What Your Rabbit Should Eat

Your rabbit's diet is very crucial to the longevity of their health. It is absolutely necessary to feed your rabbit with fresh water and Timothy Hay, not alfalfa. Alfalfa is okay to give to young baby rabbits, but only for a very short time because it contains such a high concentrate of calcium. Too much calcium thickens a rabbit's urine and causes bladder infections, kidney stones, and other urinary tract infections. So, Timothy Hay is the way to go and should be available at any pet store.

The next thing to put on your bunny grocery list are pellets. I can give you a few suggestions, but it is also up to you to read the packaging and make sure you're not buying "candy" pellet food. I recommend you not buying any sweets, and sugary toys for starters, instead look for a brand like Oxbow, (available at  most pet stores). Oxbow has come up with some healthy gourmet pellets for small animals. Take a look at their nutrition label if you want to compare and supplement it with other generic versions.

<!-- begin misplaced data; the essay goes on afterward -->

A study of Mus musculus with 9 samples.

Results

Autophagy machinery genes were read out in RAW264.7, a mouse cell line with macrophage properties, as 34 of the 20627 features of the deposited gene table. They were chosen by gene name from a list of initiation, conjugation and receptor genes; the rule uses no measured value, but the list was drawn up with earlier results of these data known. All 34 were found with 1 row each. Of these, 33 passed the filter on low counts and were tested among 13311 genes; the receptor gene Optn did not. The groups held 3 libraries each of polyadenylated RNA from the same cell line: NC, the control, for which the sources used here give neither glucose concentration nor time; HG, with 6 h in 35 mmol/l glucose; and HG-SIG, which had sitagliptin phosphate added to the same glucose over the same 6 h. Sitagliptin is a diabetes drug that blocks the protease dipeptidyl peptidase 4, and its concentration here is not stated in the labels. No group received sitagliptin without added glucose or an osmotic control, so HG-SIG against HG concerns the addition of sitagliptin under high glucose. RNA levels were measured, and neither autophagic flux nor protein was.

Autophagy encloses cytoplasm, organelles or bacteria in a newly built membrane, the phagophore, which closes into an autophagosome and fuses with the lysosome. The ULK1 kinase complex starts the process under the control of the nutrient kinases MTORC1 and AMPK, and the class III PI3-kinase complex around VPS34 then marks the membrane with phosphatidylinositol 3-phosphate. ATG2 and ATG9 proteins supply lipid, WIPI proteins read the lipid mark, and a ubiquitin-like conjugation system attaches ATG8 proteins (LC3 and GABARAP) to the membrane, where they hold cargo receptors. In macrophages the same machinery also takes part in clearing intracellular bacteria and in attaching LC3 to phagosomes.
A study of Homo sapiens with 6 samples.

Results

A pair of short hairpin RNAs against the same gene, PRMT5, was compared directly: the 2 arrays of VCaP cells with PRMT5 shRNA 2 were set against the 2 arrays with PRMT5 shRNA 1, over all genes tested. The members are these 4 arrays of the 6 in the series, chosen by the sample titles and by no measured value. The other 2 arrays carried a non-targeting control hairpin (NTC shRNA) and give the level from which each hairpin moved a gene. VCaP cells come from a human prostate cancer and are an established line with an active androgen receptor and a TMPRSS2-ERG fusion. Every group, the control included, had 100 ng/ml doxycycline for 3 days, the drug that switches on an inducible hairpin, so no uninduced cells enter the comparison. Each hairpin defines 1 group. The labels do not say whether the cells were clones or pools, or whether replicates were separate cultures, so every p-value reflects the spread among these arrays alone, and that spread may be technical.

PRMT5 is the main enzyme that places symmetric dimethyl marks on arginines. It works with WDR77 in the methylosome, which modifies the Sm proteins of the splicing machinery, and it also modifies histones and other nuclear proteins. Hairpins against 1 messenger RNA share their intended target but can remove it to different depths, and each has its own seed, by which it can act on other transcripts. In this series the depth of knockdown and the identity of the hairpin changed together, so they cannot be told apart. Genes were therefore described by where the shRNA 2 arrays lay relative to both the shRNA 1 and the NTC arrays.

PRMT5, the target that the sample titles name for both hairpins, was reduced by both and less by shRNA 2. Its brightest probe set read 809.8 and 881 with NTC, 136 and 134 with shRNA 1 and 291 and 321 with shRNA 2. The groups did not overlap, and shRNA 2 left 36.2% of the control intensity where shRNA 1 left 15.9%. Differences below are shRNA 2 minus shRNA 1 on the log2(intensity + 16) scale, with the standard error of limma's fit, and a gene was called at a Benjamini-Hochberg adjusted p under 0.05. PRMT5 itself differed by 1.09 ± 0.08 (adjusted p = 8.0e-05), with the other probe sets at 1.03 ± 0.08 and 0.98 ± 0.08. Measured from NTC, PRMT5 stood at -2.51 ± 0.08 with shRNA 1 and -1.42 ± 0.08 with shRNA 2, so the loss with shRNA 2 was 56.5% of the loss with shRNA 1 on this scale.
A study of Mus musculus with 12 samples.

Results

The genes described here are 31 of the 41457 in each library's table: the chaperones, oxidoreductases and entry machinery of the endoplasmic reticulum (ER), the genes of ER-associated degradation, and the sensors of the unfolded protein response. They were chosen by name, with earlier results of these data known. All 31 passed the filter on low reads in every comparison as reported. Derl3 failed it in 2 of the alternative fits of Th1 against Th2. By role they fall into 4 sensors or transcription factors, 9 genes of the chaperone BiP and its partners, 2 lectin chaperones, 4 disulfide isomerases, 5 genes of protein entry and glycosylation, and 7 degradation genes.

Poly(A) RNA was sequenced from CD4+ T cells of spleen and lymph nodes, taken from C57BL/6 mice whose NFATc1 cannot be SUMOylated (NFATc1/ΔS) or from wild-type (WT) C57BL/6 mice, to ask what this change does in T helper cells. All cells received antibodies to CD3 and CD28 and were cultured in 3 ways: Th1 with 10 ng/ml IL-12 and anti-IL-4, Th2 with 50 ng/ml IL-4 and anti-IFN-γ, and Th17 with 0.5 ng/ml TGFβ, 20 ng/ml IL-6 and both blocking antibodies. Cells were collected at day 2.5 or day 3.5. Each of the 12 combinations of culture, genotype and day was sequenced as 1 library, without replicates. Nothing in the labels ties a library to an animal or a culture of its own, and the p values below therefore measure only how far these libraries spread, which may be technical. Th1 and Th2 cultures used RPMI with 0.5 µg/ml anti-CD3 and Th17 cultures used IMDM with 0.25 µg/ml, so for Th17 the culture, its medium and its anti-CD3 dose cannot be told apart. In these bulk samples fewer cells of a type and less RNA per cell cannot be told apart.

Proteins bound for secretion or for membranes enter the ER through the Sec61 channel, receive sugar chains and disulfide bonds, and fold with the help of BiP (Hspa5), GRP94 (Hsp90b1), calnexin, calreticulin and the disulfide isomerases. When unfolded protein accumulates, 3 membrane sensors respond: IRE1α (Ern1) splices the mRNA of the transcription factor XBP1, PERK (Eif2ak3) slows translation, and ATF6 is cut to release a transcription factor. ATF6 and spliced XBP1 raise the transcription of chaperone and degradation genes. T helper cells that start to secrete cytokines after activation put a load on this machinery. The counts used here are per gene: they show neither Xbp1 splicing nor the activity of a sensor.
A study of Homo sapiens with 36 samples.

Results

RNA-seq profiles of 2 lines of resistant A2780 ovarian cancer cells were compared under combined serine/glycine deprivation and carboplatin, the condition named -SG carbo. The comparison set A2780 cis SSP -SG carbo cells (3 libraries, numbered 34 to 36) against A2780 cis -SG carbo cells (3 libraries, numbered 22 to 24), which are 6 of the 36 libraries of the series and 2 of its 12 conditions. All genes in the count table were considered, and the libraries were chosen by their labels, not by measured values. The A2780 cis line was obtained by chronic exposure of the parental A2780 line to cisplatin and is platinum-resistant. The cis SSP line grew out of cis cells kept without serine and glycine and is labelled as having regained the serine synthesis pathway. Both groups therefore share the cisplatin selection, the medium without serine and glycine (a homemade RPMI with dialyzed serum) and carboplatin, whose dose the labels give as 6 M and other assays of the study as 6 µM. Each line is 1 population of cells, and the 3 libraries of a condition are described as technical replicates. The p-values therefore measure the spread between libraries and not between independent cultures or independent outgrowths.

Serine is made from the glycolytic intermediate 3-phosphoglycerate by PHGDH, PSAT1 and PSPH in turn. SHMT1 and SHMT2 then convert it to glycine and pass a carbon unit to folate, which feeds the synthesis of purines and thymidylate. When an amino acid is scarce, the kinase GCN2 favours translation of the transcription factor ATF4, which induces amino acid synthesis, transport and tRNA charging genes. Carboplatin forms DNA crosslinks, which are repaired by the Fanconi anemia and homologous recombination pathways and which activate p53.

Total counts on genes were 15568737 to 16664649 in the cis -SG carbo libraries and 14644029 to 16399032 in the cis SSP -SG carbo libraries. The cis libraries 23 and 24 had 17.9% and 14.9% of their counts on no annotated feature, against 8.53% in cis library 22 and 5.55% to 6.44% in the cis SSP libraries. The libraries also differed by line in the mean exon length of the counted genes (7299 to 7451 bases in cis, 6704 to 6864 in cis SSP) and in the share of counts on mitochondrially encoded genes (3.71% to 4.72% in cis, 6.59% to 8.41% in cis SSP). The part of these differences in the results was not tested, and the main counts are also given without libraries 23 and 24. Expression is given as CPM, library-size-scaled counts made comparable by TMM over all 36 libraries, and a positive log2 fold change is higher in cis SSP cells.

So pellets and hay are the basics. Now, anytime you introduce your rabbit with other foods like carrots, apples, lettuce, and bananas, please keep in mind that a rabbit's stomach is very delicate. Having sporadic new foods is not a healthy meal unless you introduce it to your rabbit slowly, regularly, and with very small portions for starters.

Make sure not to over or under feed your bunny, however it is fine to replenish the hay tray regularly. I cannot stress enough that hay is a necessity in a rabbit's life. Rabbits are constantly grooming themselves and since they do not cough up their fur like cats do, it is imperative that they have hay to help push the hair through the digestive tract.

So let's recap: give your pet a balance diet, introduce new foods in small proportions regularly, and be sure the bun has plenty of hay and water.